George A. Romero's widow Suzanne has deemed "The Amusement Park" the director's "most terrifying film."

"The Amusement Park"

“The Amusement Park”

Shudder

It’s a great time to be a fan of the late horror icon George A. Romero. News broke at the start of the month that Romero’s widow, Suzanne, is planning to bring the filmmaker’s final zombie movie script “Twilight of the Dead” to life with a new director, and now comes Shudder’s release of the official trailer for Romero’s long lost 1973 feature, “The Amusement Park.” The film has been restored and is finally coming to streaming this summer, three years after author and Guillermo del Toro collaborator Daniel Kraus first announced the film had been discovered, and that he had seen a cut.

The official synopsis for “The Amusement Park” from Shudder reads: “An elderly gentleman goes for what he assumes will be an ordinary day at the amusement park, only to find himself in the middle of a hellish nightmare instead. Shot by George A. Romero between ‘Night of the Living Dead’ and ‘Dawn of the Dead,’ ‘The Amusement Park’ is a bleak, haunting allegory where the attractions and distractions of an amusement park stand in for the many abuses that the elderly face in society. 4K digital restoration commissioned by the George A. Romero Foundation and carried out by IndieCollect.”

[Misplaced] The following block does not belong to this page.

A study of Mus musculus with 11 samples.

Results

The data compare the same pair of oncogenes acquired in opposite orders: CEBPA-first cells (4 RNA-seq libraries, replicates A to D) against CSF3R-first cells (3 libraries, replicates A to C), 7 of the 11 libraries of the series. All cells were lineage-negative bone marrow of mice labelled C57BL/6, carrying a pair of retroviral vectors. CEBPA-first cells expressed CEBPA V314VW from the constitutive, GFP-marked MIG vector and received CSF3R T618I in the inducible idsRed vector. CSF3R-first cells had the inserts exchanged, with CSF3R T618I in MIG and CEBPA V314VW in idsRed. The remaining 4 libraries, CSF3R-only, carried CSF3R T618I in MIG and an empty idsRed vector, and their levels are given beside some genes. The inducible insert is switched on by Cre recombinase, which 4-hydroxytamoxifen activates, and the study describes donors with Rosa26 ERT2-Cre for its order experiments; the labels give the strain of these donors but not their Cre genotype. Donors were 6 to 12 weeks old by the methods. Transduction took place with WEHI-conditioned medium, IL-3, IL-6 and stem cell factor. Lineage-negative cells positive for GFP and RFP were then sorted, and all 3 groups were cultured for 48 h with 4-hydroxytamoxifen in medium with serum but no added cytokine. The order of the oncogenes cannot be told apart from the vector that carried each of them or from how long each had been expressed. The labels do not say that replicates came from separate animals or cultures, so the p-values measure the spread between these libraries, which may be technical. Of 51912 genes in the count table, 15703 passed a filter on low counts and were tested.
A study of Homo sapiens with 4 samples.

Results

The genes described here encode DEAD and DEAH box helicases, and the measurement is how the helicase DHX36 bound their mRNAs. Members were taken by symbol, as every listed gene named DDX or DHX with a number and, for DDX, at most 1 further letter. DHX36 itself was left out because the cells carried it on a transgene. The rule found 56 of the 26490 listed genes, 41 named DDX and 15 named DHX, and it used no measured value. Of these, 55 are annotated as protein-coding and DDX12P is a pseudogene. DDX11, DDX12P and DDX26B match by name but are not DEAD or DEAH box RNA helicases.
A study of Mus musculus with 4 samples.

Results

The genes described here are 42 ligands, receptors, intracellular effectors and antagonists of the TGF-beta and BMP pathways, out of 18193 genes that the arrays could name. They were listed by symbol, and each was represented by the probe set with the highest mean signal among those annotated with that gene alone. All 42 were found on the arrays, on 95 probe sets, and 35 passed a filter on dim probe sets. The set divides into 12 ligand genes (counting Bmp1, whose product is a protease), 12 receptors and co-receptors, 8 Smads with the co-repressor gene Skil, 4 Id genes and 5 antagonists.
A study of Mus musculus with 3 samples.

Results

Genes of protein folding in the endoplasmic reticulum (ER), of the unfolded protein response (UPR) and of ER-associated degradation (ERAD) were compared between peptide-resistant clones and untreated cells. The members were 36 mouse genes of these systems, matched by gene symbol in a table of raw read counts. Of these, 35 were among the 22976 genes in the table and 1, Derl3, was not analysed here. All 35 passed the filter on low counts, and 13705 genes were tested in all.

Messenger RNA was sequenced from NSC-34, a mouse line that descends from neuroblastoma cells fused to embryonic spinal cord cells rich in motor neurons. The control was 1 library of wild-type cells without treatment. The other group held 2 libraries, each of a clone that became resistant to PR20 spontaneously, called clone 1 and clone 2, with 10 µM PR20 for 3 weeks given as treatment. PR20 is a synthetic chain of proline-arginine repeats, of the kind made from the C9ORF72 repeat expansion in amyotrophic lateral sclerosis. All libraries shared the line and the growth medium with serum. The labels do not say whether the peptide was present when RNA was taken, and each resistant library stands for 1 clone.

Romero was originally commissioned to direct “The Amusement Park” by the Lutheran Society, which wanted to create a film to raise awareness about ageism and elder abuse. The director delivered an allegory about growing old that his widow now says is “George’s most terrifying film…It has Romero’s unique footprint all over it.”

Upon watching an early cut of the lost film three years ago, Kraus deemed the project a “revelation” and “Romero’s most overtly horrifying film” other than “Night of the Living Dead,” adding it’s “hugely upsetting in form and function.”

“The scholar Tony Williams, who saw the film 30 years ago, wrote, ‘The film is far too powerful for American society…It must remain under lock and key never seeing the light of day,’” Kraus added at the time. “It was never shown publicly. The people who funded it wouldn’t allow it. And no wonder. It’s hellish. In Romero’s long career of criticizing American institutions, never was he so merciless.”